Oleipha stood on the edge of the shore and looked up at the star-filled sky. Ranal had not yet joined her and though she eagerly anticipated the company of her lifelong friend, she enjoyed also these quiet moments of solitude with nothing but her own thoughts to reflect upon.
On this particularly still evening Oleipha thought of the Vessels. Rumours had spread to their village that a Missionary contingent had settled in the valley a few miles east. Ranal was curious and intrigued – she caught that sparkle in his dark brown eyes and had scowled at it. Oleipha herself turned her nose up at the news. She did not accompany the other children that crept from the village at dusk and headed for the light-glow of the Missionary camp that lit the forest canopy in a sphere of pale blue light. Ranal had gone with them, though. That was last evening, and tonight he would no doubt be brimming with it.
She turned away from the stars and sat on a rock at the very edge of the shore, letting the warm water wash up over her feet. The fractured moon reflected on the waves in splashes of distorted silver; she liked to dip her toes into these shimmering shapes and imagine that the silver clung to her skin when she pulled her feet from the water and the droplets cascaded back into the ocean.
The dry grass rustled behind her; a telltale sign of Ranal’s presence. Oleipha stiffened, bracing herself for the excited ramble that she would have to sit through if she wished to spend time with her friend this eve. The wind carried his scent to her; the earthy tones, the smell of clay that lingered on his skin from his work at the pottery.
“Little Leiph,” He slunk up beside her and flopped down onto the sand.
She glanced down at him nonchalantly.
“You should have come!” He tossed a handful of damp sand that collided with her legs and clung to her skirt.
“Hmph,” Oleipha rolled her eyes. “I have better things to do than go prancing after those high-and-mighty Missionaries that think we need their help. And so do you, Ranal,” She cast her friend a chastising glare.
“Oh come on, Leiph, you can’t tell me you’re not curious! I know you better.”
Her jaw clenched. She was, of course, curious – the Old Earthers didn’t get to see the Vessels much, from either faction. She’d have preferred a visit from the Commensurate, but even the Missionaries sparked her sense of intrigue. She hated that, and she hated that Ranal knew. Oleipha shifted on her rock to turn her back on him.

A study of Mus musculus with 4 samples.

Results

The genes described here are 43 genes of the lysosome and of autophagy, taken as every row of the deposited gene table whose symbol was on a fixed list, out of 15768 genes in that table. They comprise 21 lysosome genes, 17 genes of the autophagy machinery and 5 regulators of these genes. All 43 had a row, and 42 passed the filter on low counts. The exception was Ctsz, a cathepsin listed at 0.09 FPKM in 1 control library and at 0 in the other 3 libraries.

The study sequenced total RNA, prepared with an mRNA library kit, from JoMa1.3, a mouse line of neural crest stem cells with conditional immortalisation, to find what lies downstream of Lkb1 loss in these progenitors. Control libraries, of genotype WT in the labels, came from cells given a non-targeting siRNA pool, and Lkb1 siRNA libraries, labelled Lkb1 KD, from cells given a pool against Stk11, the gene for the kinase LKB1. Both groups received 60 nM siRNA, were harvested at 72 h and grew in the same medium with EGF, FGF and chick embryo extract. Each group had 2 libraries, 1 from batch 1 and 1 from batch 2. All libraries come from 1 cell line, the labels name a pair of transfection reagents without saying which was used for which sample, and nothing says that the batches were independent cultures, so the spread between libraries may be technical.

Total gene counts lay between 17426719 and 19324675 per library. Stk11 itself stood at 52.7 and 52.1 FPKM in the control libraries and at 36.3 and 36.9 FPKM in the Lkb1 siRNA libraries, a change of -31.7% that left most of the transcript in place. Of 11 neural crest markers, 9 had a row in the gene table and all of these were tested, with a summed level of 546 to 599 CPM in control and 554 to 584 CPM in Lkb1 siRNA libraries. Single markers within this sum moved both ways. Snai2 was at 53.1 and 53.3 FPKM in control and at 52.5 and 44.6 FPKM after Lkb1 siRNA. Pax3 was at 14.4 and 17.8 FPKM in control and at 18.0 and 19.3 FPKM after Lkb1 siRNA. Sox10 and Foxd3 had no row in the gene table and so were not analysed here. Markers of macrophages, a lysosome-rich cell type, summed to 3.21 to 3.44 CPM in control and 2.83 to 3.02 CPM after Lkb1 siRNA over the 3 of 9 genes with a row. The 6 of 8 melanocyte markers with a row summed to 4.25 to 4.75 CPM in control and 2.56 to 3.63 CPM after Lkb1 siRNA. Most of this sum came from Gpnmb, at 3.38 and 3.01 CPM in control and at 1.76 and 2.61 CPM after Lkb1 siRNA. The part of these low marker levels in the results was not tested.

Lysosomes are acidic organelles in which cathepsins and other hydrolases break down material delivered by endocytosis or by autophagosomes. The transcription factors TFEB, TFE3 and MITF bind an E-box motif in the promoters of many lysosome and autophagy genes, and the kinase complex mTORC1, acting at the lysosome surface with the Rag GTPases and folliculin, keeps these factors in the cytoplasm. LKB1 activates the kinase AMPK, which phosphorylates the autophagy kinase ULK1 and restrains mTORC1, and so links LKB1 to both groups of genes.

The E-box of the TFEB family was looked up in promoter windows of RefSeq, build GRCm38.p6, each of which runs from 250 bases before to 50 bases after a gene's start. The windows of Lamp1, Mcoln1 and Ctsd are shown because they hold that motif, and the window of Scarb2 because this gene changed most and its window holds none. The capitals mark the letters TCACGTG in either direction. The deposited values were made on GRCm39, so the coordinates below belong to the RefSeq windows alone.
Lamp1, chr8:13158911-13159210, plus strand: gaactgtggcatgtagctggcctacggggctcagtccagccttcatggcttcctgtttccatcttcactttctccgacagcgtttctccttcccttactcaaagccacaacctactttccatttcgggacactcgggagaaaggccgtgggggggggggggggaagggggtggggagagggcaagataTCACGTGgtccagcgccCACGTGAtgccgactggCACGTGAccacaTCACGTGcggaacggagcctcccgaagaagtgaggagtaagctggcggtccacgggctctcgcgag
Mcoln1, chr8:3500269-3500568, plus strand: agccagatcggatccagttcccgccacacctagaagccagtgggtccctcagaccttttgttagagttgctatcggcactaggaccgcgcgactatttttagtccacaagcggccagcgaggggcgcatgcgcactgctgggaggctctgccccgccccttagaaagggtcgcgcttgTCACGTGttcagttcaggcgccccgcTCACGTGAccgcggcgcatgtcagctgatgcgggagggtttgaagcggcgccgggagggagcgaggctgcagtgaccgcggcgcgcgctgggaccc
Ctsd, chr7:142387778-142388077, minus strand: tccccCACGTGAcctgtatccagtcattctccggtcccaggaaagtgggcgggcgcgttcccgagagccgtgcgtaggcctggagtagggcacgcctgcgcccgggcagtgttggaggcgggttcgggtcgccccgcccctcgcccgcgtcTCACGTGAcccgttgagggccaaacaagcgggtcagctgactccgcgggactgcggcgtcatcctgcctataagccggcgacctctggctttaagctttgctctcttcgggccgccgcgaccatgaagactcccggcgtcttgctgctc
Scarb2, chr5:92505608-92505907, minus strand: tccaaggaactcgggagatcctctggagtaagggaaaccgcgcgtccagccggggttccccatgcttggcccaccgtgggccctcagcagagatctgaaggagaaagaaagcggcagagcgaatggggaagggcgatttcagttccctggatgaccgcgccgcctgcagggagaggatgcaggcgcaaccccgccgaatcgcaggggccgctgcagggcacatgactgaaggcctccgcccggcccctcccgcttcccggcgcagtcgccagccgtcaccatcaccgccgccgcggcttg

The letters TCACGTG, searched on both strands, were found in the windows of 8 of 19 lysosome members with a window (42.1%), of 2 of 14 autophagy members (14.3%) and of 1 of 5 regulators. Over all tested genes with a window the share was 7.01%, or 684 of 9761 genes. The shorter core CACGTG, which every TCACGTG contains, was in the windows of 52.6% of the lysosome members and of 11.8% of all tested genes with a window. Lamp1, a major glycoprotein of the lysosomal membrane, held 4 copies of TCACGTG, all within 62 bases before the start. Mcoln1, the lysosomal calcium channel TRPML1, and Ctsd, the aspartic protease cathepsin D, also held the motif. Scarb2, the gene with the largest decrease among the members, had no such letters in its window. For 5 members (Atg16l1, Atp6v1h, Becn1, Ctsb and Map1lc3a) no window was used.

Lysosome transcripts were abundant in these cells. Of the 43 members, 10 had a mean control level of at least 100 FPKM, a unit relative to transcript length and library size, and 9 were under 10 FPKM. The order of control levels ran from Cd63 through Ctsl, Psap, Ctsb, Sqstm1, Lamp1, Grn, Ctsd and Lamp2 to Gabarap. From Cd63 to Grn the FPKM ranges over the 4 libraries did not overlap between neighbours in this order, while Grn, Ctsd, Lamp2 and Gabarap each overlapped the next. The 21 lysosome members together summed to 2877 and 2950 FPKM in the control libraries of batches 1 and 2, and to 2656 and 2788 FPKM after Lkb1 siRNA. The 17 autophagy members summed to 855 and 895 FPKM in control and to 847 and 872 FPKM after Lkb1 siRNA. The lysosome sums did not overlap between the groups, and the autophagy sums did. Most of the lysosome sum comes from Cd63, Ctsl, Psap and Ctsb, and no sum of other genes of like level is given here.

“We didn’t talk to them, anyway,” Ranal stood and walked into the shallows, kicking spray up with his feet. “They have tents set up and all kinds of fancy equipment. We just hid nearby and listened for a while. They talked about our village – they’re going to visit.”
“And what will you do when they do?” She brushed the sand from her skirt and pulled her legs up to her chest. The sun had long since set and the winds from the rifts were cooling quickly.
“What do you mean?”
“Oh you really are naive, Ranal,” Oleipha tutted. “You know they’ll come here looking for converts.”
“No,” She glowered. “Converts. They’ll convince the dim-witted among us that theirs is the Right Path.”
“You don’t think it is?” Ranal was walking backwards through the waves now, the water tickling around his knees.
“Of course it’s not. They’re just people like us, Ranal. They were here before, when we were. Just because they left in their fancy ships and we stayed here and made do with what we had doesn’t make them better. If anything, it makes US better, because we’re the ones who struggled through it.”
“But look at what they have to offer! All that technology we could use. If we make peace with them and let them into our village, they’d bring us so much.”
“And take so much from us!” Oleipha looked away, her cheeks flushed with rage.
There would be no benefit from allying with the people who lorded themselves over Old Earthers as if they were nigh on deific. The Missionaries had one quest and one quest only: dominance through exploitation.
“You’re such a stick in the mud,” Ranal splashed water over her.
“Fine, you see how it is when they come. Go and join them if you’re so sure they’re just.”
“Of course they’re just! Why wouldn’t they be? We’ve done nothing to them.” He frowned at her and his shoulders sank.
This gave Oleipha some small measure of satisfaction – knowing that her disapproval could dampen his spirits. At least she still had that – and maybe it would be enough to stop her friend from doing something they’d both regret. She shivered and wrapped her arms around herself.
“No, we’ve done nothing to them. Not that we could if we wanted to. They take advantage of us, Ranal. They see us as primitive people and they use that to profess themselves upon us as higher beings.”
“Leiph, when we were down here making do with clay bowls and straw baskets and stone hammers, they were flying through space. Of course they’re higher beings.”
“Don’t confuse ‘higher beings’ with ‘advanced’. If they were so much better than us they wouldn’t be trying to get us to praise them.”
Ranal rolled his eyes and dragged himself through the shallows back to the beach.
“Well, we’ll see,” He shook the water from his legs. “If we heard right they’re visiting before the moon cycle ends.”
Oleipha watched as her friend strode confidently up the beach and through the grass back to the village. She already knew she had lost him and the bitterness of this realisation clutched its icy fingers inside her chest. The Missionaries would arrive and he’d go with them just to spite her, if for no other reason, and it was her fault for goading him.
Perhaps she’d seek out the Commensurate and offer her services. She’d heard that they worked freely with anyone who wanted to help their cause to unite the lost tribes and secure a unified future for what remained of Earth. A far more just cause, Oleipha assured herself as she climbed from her rock and walked back to the village alongside Ranal’s footprints.